Rethinking Broadband Internet Connectivity


Potential discussion topic(s) for VONCamp at Spring VON.x 2008.  Initiated by Brough Turner (see picture & info on speed dating page).

 

Broadband Internet Connectivity

 

Japan tops the world for high speed, low cost Internet connectivity.  Many other countries (Korea) or specific regions (greater Stockholm) are now far ahead of the US or the majority of Europe.  It's been well established that Internet connectivity provides disproportionate economic advantage.  Yet few are looking at the problem with a clean slate.  Instead, the discussion is limited to incremental changes to current business and regulatory practices.

 

Let's start from a clean slate, even if it's only for a day.  Perhaps the conclusions will suggest a better way to deal with current political realities.

 

Here's something to think about:

 

Notes:

 

I argue that major changes in laws and regulations take decades based on the US experience, where the FCC's Computer I and Computer II decisions were 15 years apart, where the Bell System breakup (in 1983) grew out of a 15+ year set of court battles, and where there's been remarkably little regulatory change since Judge Green got out of supervising the 1983 breakup.  (I regard the 1996 Telecom act as ineffective).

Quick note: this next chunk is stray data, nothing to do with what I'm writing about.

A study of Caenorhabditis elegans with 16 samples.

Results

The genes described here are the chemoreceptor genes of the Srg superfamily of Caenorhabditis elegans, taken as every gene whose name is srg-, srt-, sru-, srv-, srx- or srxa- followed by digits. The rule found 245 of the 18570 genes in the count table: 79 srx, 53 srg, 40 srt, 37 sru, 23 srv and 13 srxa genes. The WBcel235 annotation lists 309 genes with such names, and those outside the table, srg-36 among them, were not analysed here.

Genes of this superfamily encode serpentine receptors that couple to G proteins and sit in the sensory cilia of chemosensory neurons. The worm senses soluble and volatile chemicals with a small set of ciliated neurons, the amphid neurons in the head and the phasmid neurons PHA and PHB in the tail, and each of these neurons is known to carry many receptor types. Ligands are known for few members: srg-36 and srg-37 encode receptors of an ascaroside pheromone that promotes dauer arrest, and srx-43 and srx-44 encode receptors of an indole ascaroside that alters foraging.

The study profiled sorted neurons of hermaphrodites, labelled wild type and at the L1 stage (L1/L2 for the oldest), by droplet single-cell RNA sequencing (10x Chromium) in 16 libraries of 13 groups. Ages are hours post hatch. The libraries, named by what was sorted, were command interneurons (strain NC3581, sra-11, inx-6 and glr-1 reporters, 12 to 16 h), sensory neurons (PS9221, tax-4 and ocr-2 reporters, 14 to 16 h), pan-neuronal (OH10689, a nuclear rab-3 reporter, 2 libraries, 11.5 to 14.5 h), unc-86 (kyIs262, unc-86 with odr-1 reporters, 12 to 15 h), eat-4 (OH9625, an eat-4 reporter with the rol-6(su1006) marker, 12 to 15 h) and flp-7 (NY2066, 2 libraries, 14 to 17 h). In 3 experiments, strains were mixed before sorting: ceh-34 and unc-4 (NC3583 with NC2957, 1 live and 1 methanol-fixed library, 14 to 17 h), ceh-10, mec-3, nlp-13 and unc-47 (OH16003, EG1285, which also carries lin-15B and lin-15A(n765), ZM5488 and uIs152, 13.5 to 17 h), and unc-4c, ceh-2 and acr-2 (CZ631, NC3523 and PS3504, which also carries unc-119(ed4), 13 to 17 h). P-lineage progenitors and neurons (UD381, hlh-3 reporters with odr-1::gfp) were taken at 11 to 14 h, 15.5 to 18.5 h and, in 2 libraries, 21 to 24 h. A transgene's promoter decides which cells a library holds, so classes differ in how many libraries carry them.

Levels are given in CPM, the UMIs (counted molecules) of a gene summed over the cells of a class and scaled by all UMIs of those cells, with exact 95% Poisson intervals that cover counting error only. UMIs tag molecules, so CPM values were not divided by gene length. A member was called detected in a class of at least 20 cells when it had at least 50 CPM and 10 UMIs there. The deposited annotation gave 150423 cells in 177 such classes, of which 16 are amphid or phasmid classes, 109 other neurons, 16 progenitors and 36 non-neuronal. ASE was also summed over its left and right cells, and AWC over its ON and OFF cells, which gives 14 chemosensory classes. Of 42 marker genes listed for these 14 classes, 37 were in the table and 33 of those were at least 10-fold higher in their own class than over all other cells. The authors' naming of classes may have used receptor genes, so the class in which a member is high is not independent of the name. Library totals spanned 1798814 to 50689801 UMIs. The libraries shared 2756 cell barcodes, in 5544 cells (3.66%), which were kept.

Dark fiber is likely to remain functional for more than 50 years, but newer fibers have wider usable bandwidths and tighter bending radii, so at some point fiber may be replaced even though it is still functional.  Also, when one purchases dark fiber on a condominium or coop basis, one is usually purchasing and a 20 year IRU (Indefeasibly Right to Use), so the individual fiber owner is depreciating it over 20 years.